When I tell my family I am going to recharge, they know that means I will be plugging my neurostimulator into the wall and getting the battery back to 100%. I’ve mentioned the neurostimulator for pain management in previous posts, and here’s how I described it in my article Details Optional:

A neurostimulator is an implanted medical device that delivers electrical stimulation directly to the nerve, interrupting pain signals before they reach the brain. It is a small metal box with two leads emerging from it, fine insulated wires that conduct electrical impulses along either side of the nerve. You can feel it through my skin. Stroke your hand across my abdomen—flesh, flesh, and then recoil in shock at the hard metal underneath. No, it doesn’t hurt. It tingles. I recharge it regularly with a hand-held programmer against the skin. My mum is a cyborg, my son says.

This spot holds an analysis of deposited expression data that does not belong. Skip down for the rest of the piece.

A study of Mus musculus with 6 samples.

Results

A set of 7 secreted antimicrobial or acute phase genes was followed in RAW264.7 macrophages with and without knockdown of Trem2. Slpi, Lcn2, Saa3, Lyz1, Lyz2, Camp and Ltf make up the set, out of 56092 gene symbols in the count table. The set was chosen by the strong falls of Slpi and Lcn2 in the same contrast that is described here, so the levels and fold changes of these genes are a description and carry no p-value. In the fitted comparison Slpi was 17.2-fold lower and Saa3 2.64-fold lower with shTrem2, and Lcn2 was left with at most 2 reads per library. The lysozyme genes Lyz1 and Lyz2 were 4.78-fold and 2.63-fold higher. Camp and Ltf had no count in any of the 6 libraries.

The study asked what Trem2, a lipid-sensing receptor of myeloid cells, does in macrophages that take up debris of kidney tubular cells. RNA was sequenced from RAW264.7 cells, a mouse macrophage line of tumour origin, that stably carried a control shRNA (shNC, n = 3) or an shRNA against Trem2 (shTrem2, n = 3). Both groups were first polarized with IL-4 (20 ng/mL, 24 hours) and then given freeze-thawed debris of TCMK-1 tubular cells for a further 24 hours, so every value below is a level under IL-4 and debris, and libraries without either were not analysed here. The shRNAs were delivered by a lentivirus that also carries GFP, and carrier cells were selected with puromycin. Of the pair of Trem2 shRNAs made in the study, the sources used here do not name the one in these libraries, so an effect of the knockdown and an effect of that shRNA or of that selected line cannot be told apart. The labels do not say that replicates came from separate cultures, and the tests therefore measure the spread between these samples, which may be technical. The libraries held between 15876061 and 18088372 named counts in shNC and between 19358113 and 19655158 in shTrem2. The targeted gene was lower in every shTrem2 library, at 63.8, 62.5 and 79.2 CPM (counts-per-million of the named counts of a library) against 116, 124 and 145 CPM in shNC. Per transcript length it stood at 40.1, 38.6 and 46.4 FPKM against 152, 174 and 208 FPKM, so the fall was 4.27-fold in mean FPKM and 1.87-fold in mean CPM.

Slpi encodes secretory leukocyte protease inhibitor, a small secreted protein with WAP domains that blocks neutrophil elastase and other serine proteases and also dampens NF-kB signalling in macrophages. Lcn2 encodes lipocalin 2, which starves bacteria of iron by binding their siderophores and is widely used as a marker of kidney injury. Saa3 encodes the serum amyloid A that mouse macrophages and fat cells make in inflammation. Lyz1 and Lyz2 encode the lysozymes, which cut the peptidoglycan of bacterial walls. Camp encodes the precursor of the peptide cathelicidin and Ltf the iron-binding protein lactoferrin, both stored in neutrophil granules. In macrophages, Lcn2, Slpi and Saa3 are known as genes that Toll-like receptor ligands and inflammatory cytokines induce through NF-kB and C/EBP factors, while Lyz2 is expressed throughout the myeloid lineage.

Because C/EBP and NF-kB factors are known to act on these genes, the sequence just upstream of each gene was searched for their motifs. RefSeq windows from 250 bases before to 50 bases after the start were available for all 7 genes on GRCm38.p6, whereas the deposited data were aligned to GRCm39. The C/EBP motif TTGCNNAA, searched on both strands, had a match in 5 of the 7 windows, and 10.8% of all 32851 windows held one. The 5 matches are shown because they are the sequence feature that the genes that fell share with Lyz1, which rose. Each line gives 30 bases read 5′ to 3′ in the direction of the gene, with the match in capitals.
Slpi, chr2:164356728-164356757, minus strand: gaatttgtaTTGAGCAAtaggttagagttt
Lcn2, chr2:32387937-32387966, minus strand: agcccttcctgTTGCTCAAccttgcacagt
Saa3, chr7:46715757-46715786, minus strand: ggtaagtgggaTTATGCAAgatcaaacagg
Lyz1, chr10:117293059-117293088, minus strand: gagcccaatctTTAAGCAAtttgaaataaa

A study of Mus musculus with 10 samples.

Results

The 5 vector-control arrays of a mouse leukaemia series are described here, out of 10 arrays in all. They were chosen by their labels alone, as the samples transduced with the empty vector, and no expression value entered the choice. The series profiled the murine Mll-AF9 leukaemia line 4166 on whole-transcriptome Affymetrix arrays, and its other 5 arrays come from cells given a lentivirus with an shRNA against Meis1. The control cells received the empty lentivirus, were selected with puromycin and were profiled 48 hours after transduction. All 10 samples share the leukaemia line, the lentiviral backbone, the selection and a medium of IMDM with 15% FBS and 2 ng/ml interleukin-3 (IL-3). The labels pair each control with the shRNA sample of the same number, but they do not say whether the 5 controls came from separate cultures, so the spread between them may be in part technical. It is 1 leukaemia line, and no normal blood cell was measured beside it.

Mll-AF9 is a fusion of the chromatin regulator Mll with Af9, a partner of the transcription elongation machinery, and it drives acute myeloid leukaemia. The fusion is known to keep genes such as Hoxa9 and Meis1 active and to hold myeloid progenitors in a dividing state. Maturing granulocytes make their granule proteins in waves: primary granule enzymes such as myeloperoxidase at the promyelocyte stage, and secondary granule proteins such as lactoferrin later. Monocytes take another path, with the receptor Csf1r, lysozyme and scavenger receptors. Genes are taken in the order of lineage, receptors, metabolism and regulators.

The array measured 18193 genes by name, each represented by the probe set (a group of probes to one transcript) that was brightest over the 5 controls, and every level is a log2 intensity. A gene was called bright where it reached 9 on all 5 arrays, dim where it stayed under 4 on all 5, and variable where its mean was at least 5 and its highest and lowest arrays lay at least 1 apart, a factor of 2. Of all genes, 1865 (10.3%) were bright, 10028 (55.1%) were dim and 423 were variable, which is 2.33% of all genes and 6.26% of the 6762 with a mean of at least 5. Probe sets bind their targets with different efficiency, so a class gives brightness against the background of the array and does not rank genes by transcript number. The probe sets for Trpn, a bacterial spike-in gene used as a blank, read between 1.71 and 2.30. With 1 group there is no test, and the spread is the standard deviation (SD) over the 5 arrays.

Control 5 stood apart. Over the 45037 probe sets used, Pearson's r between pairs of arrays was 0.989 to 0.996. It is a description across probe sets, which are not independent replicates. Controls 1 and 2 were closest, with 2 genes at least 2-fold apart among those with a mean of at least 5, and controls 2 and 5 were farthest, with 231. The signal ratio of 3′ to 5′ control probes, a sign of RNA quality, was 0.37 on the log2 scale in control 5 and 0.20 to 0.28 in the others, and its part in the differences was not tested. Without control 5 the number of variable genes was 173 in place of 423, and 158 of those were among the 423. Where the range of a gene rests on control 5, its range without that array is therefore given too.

Over the last month, I have had the opportunity for recharging of a different kind, despite the shocking covid case numbers in Sydney that have impacted family, friends, neighbours and colleagues. The outbreak made for a quiet holiday spent walking, swimming, reading, napping, watching, eating and playing. Here are my favourites of what we enjoyed:

As always, I want to take the holiday feeling into the working year. This New Yorker article on slow productivity offered a timely caution against inflating workloads and the role of managers. And, on management, Sandra Jones and Marina Harvey make the case that living with covid makes distributed leadership imperative in higher education. At a farewell for a colleague who is moving to another university yesterday, I was reminded of the importance of collegiality, critical thinking and constructive dissent. My goal for the last couple of years has been to amplify others; I plan to continue this and make these values to my priorities. I will keep you posted on what it looks like in practice.